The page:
Bigsby removal...what to do about screw holes?

SecretSquirrel


An easy nut slot lubricant is pencil lead (graphite); just roll the pencil point in the slot to scrape some off into the slot.

Good luck! I could never get along with Bigsbys.
 

perttime


Johnnys-Firebird.jpg
 

spellcaster


71vYA3w66qL._SX355_.jpg
 

trev333

 

max_twang

 

Art VanDelay

 

Fiesta Red


Leave ‘em...they show the journey the guitar has been on since it left the factory.
 

3-Chord-Genius

 

strat a various


Wide flaring headstocks are cause for headaches too. Angling the slots helps with this, so much so that I won’t ever buy a String Butler. I don’t bother with traditional cut nuts, I replaced all my Gretsch nuts with custom slots, usually in bone or brass. Roller bridges help, but no they aren’t necessary. Bar bridges are incredibly stable for Bigsby a and don’t buzz, but I only use those on a floating setup. Tuner don’t make a difference either, as long as the strings are properly locked to the post.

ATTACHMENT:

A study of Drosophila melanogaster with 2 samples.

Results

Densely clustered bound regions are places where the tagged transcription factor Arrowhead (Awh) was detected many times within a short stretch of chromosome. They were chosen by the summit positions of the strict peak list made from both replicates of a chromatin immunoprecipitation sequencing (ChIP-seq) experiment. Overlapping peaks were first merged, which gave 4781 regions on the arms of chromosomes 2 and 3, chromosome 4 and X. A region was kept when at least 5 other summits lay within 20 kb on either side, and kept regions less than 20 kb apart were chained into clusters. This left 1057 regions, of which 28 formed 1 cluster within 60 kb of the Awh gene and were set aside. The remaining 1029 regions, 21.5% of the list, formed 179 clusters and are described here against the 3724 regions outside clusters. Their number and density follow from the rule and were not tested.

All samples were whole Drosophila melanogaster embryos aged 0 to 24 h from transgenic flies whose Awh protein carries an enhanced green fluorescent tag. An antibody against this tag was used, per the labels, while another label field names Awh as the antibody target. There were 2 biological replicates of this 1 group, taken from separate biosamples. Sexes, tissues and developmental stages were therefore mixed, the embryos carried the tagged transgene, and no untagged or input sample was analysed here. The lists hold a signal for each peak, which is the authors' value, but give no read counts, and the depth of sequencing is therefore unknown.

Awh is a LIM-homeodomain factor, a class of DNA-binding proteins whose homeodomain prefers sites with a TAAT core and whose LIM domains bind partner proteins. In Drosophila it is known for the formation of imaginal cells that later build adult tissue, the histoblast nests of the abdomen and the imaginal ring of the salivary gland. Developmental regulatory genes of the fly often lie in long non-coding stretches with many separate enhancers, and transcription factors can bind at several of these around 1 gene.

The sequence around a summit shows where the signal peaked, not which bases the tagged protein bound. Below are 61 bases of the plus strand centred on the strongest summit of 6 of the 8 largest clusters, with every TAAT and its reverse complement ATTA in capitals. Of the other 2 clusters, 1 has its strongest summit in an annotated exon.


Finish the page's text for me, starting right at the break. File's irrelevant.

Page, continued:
This is correct. Tuning issues are caused in this order:
1. Nut needs to be properly grooved and possibly lubricated.
2. Bridge the same. ... and bridge break angle needs to be addressed.
If the nut or bridge grab the string, even momentarily, you have a tuning issue, and a Bigsby just amplifies nut and bridge issues.

The lighter the strings, the more a Bigsby will affect tuning. Also, the stiffer the spring, the less problems you'll have. I use short, stiff springs in my Bigsbies because I want the handle close to the body.